Can’t seem to drum up the likes on Instagram? We share five simple tips on making your food pictures drool-worthy.
#1 Light right, baby
Lighting is the most important aspect of photography. If you can help it, take your pictures in natural light during the day.
Make sure the room has enough sunlight streaming in, or place your plates and dishes on a window sill.
If you’re at a restaurant, make sure you’re seated in a well-lit area, and place your plate under bright yet warm lights.
Getting the right lighting will take you halfway to pro-level, if not all the way!
#2 Don’t get high
While shooting from a height may get everything into the frame, it will make the picture look flat and lifeless.
You want your shots looking vibrant and appealing, so click at a lower angle and remember to frame your picture well so that the focus is on the food and not the stain on the tablecloth!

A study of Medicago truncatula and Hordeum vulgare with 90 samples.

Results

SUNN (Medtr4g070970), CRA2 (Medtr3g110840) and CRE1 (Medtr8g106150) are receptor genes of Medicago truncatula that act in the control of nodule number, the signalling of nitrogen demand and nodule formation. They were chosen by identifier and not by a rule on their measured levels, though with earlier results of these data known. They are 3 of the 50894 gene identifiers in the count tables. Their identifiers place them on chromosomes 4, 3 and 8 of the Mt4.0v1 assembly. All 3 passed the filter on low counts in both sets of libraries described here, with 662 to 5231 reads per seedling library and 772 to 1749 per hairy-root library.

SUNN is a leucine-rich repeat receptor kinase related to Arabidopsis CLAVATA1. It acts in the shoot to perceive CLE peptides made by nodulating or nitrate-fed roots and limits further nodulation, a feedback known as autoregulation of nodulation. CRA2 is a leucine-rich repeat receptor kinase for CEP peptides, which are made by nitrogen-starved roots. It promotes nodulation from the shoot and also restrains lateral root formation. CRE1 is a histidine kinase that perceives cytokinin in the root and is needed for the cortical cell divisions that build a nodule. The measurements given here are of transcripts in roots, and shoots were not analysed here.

#3 Up close and personal
When it comes to food photography, the closer you get, the better. Get your phone/camera as close to the dish as possible and shoot in the macro mode.
This will not only capture the details of what’s on your plate but will also make the food look even more appetizing.
Make sure you focus well and have a steady hand. Remember to tap gently in the screen as well to avoid blurred images.
#4 Ditch the flash
Using a flash is the worst thing you could do to your food. The bright glare will just make your dishes look ugly and inedible.
If you absolutely must use extra light, then try and shoot your food under softer, warmer yellow lights and stay away from harsh white light, including tube lights.
#5 Spoon to the rescue
While photographing soups and gravies that contain vegetables or wontons, avoid capturing only the liquid portion, especially when photographing directly from pots and pans.
This way you can’t really tell what is in the dish and your pictures will turn out boring and misleading.
All you need to do is place a spoon or ladle in the pot and get a few pieces of the vegetables into it.
Then push slightly to the corner and elevate at an angle. Now, you will be able to photograph the dish with all its elements and create an interesting and textured shot.